Funding for training to teach chemistry
If you train to teach chemistry, you could be eligible for a tax-free training bursary or a prestigious scholarship. There are three types of funding available if you’re on a non-salaried teacher training course. Depending on your circumstances, you could receive all three. Alternatively, you could choose to earn a salary while you train.
1. Tax-free bursaries or scholarships
With a first, 2:1, 2:2, Master’s or PhD, you could get a £26,000 tax-free bursary while you train as a teacher. If you're eligible for a bursary, you could also receive early-career payments totalling £6,000 once in teaching - that's a total of £32,000 to teach chemistry.
Alternatively, £28,000 scholarships are available to chemistry trainees with a 2:2 or higher from the Royal Society of Chemistry (RSC). If you're eligible for a scholarship, you could also receive early-career payments totalling £6,000 once in teaching - that's a total of £34,000 to teach chemistry.
If your application for a scholarship is unsuccessful, you'll still be eligible for a bursary. Once you know if you’ll be receiving a bursary or scholarship, you can find out how and when you will receive your tax-free funding.
2. Tuition Fee Loan and Maintenance Loan
With or without a bursary or scholarship, you can also access a Tuition Fee Loan to cover your tuition fees and a Maintenance Loan for your living costs. The available loans are:
- a Tuition Fee Loan of up to £9,250 to cover your fees
- a Maintenance Loan of up to £12,010 to support your living costs
3. Additional financial support
If you have children or a disability, extra funding is available. For instance, you could get:
- 85% of childcare costs up to £174.22 a week (1 child) or up to £298.69 a week (2 or more children) Childcare Grant
- up to £1,766 per year Parents’ Learning Allowance
- Child Tax Credits
- Disabled Students’ Allowance
- up to £3,094 per year Adult Dependants' Grant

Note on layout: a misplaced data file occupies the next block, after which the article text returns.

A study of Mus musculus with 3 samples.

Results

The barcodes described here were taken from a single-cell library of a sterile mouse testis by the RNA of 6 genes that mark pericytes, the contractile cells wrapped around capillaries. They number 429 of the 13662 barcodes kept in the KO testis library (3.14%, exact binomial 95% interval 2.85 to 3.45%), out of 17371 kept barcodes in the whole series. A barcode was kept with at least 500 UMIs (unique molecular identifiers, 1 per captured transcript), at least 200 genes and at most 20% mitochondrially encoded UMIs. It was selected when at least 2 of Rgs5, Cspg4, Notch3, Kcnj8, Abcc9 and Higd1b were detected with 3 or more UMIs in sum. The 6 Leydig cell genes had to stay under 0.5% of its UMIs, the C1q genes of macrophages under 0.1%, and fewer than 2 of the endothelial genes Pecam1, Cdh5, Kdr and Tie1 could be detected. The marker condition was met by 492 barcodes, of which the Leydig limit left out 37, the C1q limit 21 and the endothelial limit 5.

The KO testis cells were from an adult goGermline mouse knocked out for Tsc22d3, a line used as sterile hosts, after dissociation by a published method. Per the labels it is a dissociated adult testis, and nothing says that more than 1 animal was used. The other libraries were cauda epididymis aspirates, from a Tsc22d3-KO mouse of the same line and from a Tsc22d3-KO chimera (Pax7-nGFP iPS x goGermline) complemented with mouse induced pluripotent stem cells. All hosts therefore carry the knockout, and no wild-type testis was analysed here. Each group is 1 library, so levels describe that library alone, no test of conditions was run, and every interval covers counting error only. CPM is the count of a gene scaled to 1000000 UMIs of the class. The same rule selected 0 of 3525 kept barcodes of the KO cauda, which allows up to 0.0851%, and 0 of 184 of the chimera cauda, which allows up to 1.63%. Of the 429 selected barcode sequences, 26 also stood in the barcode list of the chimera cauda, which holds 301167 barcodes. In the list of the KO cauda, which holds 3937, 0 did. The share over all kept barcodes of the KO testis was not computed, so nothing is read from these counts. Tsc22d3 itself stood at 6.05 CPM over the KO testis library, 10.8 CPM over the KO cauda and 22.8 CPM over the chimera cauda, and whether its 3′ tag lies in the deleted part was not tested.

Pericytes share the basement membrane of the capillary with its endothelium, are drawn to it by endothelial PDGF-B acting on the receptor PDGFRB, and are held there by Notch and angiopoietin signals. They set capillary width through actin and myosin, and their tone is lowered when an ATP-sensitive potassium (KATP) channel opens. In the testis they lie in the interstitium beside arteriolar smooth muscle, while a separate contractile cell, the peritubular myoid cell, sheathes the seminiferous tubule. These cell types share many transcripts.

Find out more information on the extra financial support available.
Early career payments
You'll need to have completed a non-salaried teacher training course and received a bursary or scholarship in the academic year of 2020/21. You’ll receive three additional early-career payments of £2,000 once in teaching, split over three teaching years (second, third and fourth year). You must have taught in a state-funded school in England after completing your teacher training course - enhancements to these payments are available if you teach in specified areas in England. View the full terms and conditions.
Earn a salary while you train
Alternatively, you could earn a salary with School Direct (salaried), Postgraduate Teaching Apprenticeships or Teach First.
Virtual Train to Teach Nottingham event
01 October 2020 - 17:30
This event, for anyone interested in training to teach in Nottingham, will give you the chance to ask experts about your teacher training options and what it’s like to teach.
Virtual Train to Teach Leeds event
08 October 2020 - 17:30
This event, for anyone interested in training to teach in Leeds, will give you the chance to ask experts about your teacher training options and what it’s like to teach.
Virtual Train to Teach London event
10 October 2020 - 11:00
This event, for anyone interested in training to teach in London, will give you the chance to ask experts about your teacher training options and what it’s like to teach.